In Hanson v. Snohomish (1993) 121 Wn.2d 552 852 P.2d 295, the appellant was convicted of first degree assault. He appealed his conviction, arguing, in part, that the trial court should have suppressed the victim's identification because the procedures used by the investigating police officers were impermissibly suggestive. (Id., 852 P.2d at p. 296.)
The appellate court held that the identification evidence was properly admitted, but it reversed and ordered a new trial on other grounds. (Ibid.)
The appellant was acquitted on remand. (Ibid.) Following his acquittal, appellant sued the city and its police chief for malicious prosecution. (Ibid.)
The trial court granted summary judgment for the defendants, and the Supreme Court affirmed. (Id., at p. 297.)
Citing the interim adverse judgment rule, it held that even if later reversed, the appellant's initial conviction was conclusive evidence of probable cause unless it was obtained by fraud, perjury, or other corrupt means. (Id., at pp. 297-300.)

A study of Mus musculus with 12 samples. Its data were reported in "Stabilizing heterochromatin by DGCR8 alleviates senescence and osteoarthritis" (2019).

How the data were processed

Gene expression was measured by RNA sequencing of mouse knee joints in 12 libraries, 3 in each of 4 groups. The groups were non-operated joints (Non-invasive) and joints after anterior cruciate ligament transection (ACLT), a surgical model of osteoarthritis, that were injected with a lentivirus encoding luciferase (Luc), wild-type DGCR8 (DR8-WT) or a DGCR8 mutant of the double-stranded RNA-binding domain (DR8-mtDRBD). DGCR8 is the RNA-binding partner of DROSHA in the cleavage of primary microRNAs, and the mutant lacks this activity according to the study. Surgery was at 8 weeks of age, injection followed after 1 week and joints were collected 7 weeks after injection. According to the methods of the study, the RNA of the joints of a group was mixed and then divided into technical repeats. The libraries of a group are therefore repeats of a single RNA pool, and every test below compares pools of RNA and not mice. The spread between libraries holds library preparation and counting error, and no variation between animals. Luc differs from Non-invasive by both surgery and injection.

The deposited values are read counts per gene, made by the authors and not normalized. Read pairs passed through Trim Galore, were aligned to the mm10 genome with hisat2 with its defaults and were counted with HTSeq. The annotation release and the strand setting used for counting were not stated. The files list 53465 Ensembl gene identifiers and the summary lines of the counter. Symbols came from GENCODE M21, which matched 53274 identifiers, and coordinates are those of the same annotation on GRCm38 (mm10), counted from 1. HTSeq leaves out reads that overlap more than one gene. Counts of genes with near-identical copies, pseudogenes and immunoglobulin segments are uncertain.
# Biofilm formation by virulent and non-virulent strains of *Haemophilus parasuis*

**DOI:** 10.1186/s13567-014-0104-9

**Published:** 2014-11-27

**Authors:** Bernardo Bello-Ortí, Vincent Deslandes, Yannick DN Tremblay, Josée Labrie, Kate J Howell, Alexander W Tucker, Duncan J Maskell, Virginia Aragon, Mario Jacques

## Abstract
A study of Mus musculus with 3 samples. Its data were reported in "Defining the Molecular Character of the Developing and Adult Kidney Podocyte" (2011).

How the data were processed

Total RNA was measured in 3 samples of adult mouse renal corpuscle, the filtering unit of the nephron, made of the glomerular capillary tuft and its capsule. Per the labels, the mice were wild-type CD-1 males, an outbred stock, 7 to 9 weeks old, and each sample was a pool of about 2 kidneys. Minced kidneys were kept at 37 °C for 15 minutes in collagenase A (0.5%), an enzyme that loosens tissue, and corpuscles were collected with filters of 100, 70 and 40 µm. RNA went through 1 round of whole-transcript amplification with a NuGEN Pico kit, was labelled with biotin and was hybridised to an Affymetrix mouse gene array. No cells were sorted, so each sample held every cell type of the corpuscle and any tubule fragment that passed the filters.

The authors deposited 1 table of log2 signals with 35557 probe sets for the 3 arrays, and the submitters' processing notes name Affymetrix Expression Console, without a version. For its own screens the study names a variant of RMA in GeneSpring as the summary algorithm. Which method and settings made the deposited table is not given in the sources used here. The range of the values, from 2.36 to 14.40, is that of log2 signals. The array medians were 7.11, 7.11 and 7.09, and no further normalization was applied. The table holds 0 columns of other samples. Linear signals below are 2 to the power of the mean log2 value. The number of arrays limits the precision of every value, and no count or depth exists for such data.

Further, it held that because the propriety of the identification procedures--which it characterized as "the only allegations that could even possibly support a claim of fraud, perjury or corrupt practices" (id., at p. 300)--had been decided against him in the criminal proceeding, the appellant could not raise them here. It explained: "Hanson alleges here, as he did in the criminal proceeding, that the investigating police officers used impermissibly suggestive methods for identifying the assailant of the assault victim. Specifically, Hanson alleges the police manipulated the composite drawing, the photographic montage and the videotape lineup. These arguments are the same arguments Hanson made to the trial court at the pretrial suppression hearing and to the Court of Appeals on appeal from his conviction. In each court, Hanson was unsuccessful. He may not now relitigate this issue in this related civil case."